The American Arbitration Association (“AAA”) has made substantive revisions to the AAA’s Commercial Arbitration Rules which are effective for any AAA-administered arbitration filed on or after October 1, 2013. One important area of update is the discovery process. These new rules should make it easier for arbitrators to more closely control discovery and its related costs.
Previously, the exchange of information was covered in general terms under Rule 21, as follows:
“(a) At the request of any party or at the discretion of the arbitrator, consistent with the expedited nature of arbitration, the arbitrator may direct
i) the production of documents and other information, and
ii) the identification of any witnesses to be called.
(b) At least five business days prior to the hearing, the parties shall exchange copies of all exhibits they intend to submit at the hearing.
(c) The arbitrator is authorized to resolve any disputes concerning the exchange of information.”
The updated version is now separated into two parts, with Rule 22 addressing discovery and Rule 23 addressing enforcement and sanctions. The expanded discovery instructions contained in Rule 22 now read:
“R-22. Pre-Hearing Exchange and Production of Information
(a) Authority of arbitrator. The arbitrator shall manage any necessary exchange of information among the parties with a view to achieving an efficient and economical resolution of the dispute, while at the same time promoting equality of treatment and safeguarding each party’s opportunity to fairly present its claims and defenses.
(b) Documents. The arbitrator may, on application of a party or on the arbitrator’s own initiative:
i. require the parties to exchange documents in their possession or custody on which they intend to rely;
ii. require the parties to update their exchanges of the documents on which they intend to rely as such documents become known to them;
iii. require the parties, in response to reasonable document requests, to make available to the other party documents, in the responding party’s possession or custody, not otherwise readily available to the party seeking the documents, reasonably believed by the party seeking the documents to exist and to be relevant and material to the outcome of disputed issues; and
iv. require the parties, when documents to be exchanged or produced are maintained in electronic form, to make such documents available in the form most convenient and economical for the party in possession of such documents, unless the arbitrator determines that there is good cause for requiring the documents to be produced in a different form. The parties should attempt to agree in advance upon, and the arbitrator may determine, reasonable search parameters to balance the need for production of electronically stored documents relevant and material to the outcome of disputed issues against the cost of locating and producing them.”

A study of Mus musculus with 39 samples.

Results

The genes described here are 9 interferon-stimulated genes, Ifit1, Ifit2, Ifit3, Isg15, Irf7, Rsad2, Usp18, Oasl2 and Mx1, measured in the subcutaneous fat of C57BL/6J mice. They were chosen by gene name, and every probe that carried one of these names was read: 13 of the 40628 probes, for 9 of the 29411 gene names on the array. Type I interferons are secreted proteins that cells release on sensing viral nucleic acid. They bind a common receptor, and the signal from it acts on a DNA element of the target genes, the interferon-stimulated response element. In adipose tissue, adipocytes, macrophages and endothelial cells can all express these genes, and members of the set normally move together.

This language now provides:
- A stated objective of making discovery efficient, economical and equal, while allowing a fair presentation of claims and defenses
- A requirement for ongoing production of documents relied upon
- Categories of reasonable document requests
- Default guidance as to the format of production
The general authority to resolve disputes contained in the former Rule 21 is now expanded into the current Rule 23, which defines enforcement powers of the arbitrator and the specific sanctions available for non-compliance:
“R-23. Enforcement Powers of the Arbitrator
The arbitrator shall have the authority to issue any orders necessary to enforce the provisions of rules R-21 and R-22 and to otherwise achieve a fair, efficient and economical resolution of the case, including, without limitation:
(a) conditioning any exchange or production of confidential documents and information, and the admission of confidential evidence at the hearing, on appropriate orders to preserve such confidentiality;
(b) imposing reasonable search parameters for electronic and other documents if the parties are unable to agree;
(c) allocating costs of producing documentation, including electronically stored documentation;
(d) in the case of willful non-compliance with any order issued by the arbitrator, drawing adverse inferences, excluding evidence and other submissions, and/or making special allocations of costs or an interim award of costs arising from such non-compliance; and
(e) issuing any other enforcement orders which the arbitrator is empowered to issue under applicable law.”
Discovery disputes in arbitration often waste time and resources in what is intended to be an expedited process. These expanded rules should streamline the production, pre-empt or curtail at least some areas of common disagreement, and provide consistency to the process.